Via The Telegraph
An intrusive European body with the power to take over the economies of struggling nations should be set up to tackle the eurozone crisis, according to a leaked German government document.
The six-page memo, by the German foreign office, argues that Europe?s economic powerhouses should be able to intervene in how beleaguered eurozone countries are run. The confidential blueprint sets out Germany?s plan to tackle the eurozone debt crisis by creating a ?stability union? that will be ?immediately followed by moves ?on the way towards a political union?.
It will prompt fears that Germany?s euro crisis plans could result in a European super-state with spending and tax plans set in Brussels.
The proposals urge that the European Stability Mechanism (ESM), a eurozone bailout fund that will be established by the end of next year, should be transformed into a version of the International Monetary Fund for the EU.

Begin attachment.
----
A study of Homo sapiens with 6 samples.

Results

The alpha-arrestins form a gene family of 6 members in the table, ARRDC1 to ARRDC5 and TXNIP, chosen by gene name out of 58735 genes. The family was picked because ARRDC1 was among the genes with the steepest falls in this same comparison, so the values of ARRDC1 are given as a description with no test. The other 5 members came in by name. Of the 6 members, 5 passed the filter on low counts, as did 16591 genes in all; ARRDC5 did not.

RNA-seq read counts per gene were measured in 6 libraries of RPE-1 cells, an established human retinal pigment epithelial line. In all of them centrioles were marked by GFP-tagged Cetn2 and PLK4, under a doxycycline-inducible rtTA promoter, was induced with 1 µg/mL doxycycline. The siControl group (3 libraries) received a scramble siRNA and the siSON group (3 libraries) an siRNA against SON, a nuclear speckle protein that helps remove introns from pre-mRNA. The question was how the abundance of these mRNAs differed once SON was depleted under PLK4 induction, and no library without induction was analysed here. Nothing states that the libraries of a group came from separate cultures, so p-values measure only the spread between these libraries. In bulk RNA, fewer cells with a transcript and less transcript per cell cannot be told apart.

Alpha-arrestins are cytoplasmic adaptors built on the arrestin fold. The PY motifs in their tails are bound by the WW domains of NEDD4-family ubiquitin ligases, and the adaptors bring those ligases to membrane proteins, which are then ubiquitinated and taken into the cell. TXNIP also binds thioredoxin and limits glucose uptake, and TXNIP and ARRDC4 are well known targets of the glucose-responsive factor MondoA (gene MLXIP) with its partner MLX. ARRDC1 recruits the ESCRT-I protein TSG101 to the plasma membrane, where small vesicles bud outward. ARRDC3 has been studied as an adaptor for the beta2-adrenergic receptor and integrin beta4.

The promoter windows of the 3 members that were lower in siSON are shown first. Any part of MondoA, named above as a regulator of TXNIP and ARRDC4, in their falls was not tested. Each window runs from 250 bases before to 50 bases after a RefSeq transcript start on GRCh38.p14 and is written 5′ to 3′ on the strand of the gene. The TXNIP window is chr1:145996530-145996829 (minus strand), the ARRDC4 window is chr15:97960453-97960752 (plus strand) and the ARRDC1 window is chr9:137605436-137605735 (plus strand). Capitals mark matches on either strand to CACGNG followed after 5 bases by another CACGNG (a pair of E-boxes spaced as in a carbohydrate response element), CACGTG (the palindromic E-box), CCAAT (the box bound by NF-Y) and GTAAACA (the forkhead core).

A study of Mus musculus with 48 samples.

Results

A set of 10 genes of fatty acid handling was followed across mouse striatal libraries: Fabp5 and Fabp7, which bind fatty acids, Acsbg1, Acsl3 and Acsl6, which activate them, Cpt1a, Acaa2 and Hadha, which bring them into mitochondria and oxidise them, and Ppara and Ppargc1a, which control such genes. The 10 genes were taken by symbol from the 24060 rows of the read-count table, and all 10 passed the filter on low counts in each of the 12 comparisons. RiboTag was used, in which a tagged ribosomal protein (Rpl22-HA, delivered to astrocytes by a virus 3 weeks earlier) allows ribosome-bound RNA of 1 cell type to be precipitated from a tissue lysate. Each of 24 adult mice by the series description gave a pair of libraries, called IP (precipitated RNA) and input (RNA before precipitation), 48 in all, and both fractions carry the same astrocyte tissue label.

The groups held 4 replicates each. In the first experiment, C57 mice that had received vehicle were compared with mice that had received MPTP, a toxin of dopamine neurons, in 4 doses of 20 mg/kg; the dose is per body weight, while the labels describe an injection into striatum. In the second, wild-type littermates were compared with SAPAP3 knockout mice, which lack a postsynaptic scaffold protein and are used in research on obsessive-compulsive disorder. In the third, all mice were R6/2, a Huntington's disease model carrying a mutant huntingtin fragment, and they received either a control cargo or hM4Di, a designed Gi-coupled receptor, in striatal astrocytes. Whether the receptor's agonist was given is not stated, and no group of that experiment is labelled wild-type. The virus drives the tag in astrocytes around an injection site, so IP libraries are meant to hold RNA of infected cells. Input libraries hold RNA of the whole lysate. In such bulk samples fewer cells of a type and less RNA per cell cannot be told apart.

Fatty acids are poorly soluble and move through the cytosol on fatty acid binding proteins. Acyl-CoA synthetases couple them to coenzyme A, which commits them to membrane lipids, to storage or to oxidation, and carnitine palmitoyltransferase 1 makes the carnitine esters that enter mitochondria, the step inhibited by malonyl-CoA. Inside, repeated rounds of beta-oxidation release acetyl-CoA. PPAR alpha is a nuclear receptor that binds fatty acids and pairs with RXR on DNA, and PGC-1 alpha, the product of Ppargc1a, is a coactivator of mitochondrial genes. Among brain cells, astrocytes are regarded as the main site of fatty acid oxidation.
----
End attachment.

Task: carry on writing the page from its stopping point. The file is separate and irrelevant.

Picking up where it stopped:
The European Monetary Fund (EMF) would be able to take full fiscal control of a failing country, including taking countries into receivership.
The leaked document, The Future of the EU: Required Integration Policy Improvements for the Creation of a Stability Union, comes as David Cameron meets Angela Merkel, the German chancellor, in Berlin today to talk about treaty changes and the eurozone crisis.
The German plan begins with a proposal to create ?automatic sanctions? that could be imposed on euro members spending beyond targets set by the European Commission. Germany is demanding that if euro rules are ?consistently violated?, it should be able to demand action from the European Court of Justice.
Germany, Finland, Austria and the Netherlands would be able to ask EU courts to impose sanctions, from fines to the loss of budgetary sovereignty, to protect the euro. The memo states the EMF would be given ?real intervention rights? in the budgets of euro members who have received EU-IMF bailouts. Open Europe, a think tank, has called for Mr Cameron to demand concessions from Mrs Merkel in exchange for the plans, which need the consent of all 27 EU countries, giving Britain a veto.